Last Updated on May 7, 2015, by eNotes Editorial. Word Count: 930
Israel Potter is called Herman Melville’s one piece of historical fiction. In it, Melville pretends to be writing literal biography. In form, it is close to his Typee: A Peep at Polynesian Life (1846), Omoo: A Narrative of Adventures in the South Seas (1847), Redburn, His First Voyage (1849), and White-Jacket: Or, The World in a Man-of-War (1850). Israel Potter is basically an unadorned narrative rather than the kind of highly digressive, philosophical novel associated with Melville’s later years.
Melville wrote Israel Potter, according to his biographers, to make up for the financial and critical failure of Pierre: Or, The Ambiguities (1852), and by far the majority of contemporary reviews were favorable. He received an initial $421.50. At first, the book sold fairly well. It quickly went into a third printing, but Melville’s royalties were small, ranging between $190 and $240. The money gave Melville what at the time was a fairly good income but only for a short while.
Melville’s main source for Israel Potter is Life and Remarkable Adventures of Israel R. Potter, (A Native of Cranston, Rhode Island.) Who Was a Soldier in the American Revolution (1824), by Henry Trumbull, a first-person narrative of the life of what Trumbull calls “one of the few survivors who fought and bled for American independence.” The narrative is a supposedly true account of the life of the real Israel Potter, who fought at Bunker Hill, served in the navy, and ironically led most of his adult life in exile in England. Melville also used as sources biographies of and narratives by Benjamin Franklin, Ethan Allen, and John Paul Jones.
Toward the end of the novel, Melville writes: “The gloomiest and truthfulest dramatist seldom chooses for his theme the calamities, however extraordinary, of inferior and private persons; least of all, the pauper’s,” for “few feel enticed to the shanty, where, like a pealed knucklebone, grins the unupholstered corpse of the beggar.” Nevertheless, it is precisely such a life that Melville recounts in Israel Potter. During the Revolutionary War, Potter worked with Benjamin Franklin and John Paul Jones and saw Ethan Allen while Allen was in captivity in England. As Melville depicts him, Potter is a true patriot, a fierce fighter, and may be the one most responsible for the defeat of the Serapis by the Bon Homme Richard, one of the most famous naval engagements in American history. It was during this battle that Jones uttered his famous words: “I have not yet begun to fight.” However, through various twists of fate, Potter was forgotten even during his own lifetime, while Franklin, Allen, and Jones won the admiration of all their countrymen and lasting fame.
Potter, however, ended his days in poverty working at extremely unpleasant jobs for very little reward. Melville describes Potter’s later life, especially his forty years in exile in England, in hellish terms. Before he enters the city of London, he works in a brickyard, a period that Melville refers to as Potter’s time in Egypt. Then, he enters London, a city Melville describes using Dantesque terms.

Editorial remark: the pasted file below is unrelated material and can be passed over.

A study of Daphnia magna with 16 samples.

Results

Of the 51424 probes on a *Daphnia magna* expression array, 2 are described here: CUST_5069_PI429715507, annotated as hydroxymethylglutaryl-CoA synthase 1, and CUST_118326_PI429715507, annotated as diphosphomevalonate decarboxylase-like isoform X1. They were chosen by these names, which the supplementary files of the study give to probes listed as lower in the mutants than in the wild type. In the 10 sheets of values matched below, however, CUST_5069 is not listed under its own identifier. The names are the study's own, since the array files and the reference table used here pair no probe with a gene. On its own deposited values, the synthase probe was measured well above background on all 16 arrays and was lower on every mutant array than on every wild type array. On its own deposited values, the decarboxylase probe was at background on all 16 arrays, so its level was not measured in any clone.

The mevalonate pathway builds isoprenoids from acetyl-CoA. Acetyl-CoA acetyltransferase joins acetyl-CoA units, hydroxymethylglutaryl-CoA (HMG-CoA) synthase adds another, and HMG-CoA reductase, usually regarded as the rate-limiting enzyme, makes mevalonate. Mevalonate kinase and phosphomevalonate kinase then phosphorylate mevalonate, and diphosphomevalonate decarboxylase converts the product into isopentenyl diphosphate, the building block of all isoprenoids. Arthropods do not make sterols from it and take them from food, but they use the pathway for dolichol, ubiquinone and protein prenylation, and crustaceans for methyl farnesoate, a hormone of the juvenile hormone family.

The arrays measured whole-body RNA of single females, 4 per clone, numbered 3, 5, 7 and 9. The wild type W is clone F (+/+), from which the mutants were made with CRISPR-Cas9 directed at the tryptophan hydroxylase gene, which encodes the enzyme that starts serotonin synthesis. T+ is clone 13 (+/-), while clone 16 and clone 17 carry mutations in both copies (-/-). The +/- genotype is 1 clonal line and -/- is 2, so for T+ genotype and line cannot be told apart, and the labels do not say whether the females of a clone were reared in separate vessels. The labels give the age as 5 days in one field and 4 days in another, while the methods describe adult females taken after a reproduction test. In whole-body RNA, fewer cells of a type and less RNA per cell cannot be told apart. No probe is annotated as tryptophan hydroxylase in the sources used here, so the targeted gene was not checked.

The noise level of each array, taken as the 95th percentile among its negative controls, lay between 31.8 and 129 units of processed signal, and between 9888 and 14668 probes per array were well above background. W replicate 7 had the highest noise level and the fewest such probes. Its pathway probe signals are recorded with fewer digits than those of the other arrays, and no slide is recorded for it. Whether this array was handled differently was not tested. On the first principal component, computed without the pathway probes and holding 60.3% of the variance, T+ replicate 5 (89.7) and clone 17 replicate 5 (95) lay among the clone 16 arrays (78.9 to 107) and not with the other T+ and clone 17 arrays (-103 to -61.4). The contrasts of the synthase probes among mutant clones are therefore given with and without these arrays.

When Israel’s son finally manages to get passage for his father and himself back to America, Israel is in his eighties. When he enters Boston on July 4, he is almost run over by “a patriotic triumphal car” inscribed with the words, “Bunker Hill/1775/Glory to the heroes that fought!” The irony is clear: History forgets the modest man, so it often overlooks true heroes. The irony is extended when the reader learns that Potter cannot even get a pension from the nation to which he gave so much.
One of the main things that distinguishes Melville’s Potter from his more famous contemporaries is his modesty. Melville describes Franklin as a confidence man, always promoting his maxims, writings, and way of life. Melville treats John Paul Jones as an accomplished naval officer with tremendous energy but also as an incredible braggart absolutely sure of his extraordinary abilities. Melville’s Allen is a magnificent figure in captivity, but he also constantly brags and exaggerates. Jones and Allen exaggerate their accomplishments and abilities in the tall-tale tradition. Melville’s Potter, on the other hand, is content to let others take the glory while he does the kind of hard work that ultimately results in America’s independence from England. Unlike Melville’s Jones, who can be incredibly irresponsible, Melville’s Potter constantly tries to act responsibly toward others, so much so that he stays in England for forty years after the Revolution ends not only because of economic conditions but also because of loyalty to his wife and son.
Potter’s life as Melville recounts it also illustrates the fickleness of fate. As Jones and Potter sail back to America on the Ariel, they engage an English frigate class ship. The ship strikes its colors, and Potter boards it. Immediately, with Potter on board, the frigate sails away so that no one else can board it and with no one but Potter knowing how he got there. As a result, he begins his years in exile.
An additional theme Melville treats is the brutality that lies beneath the surface of civilization. He wonders whether humankind has made any progress, and his descriptions of battles, especially naval battles, indicate that it has not. He also comments that the French Revolution shows that in humankind “primeval savageness . . . slumbers.”
Israel Potter has been classified as one of Melville’s minor works. Still, critics praise it for its humor, its sympathy for the downtrodden, and its unusual view of some of the heroes of the American Revolution.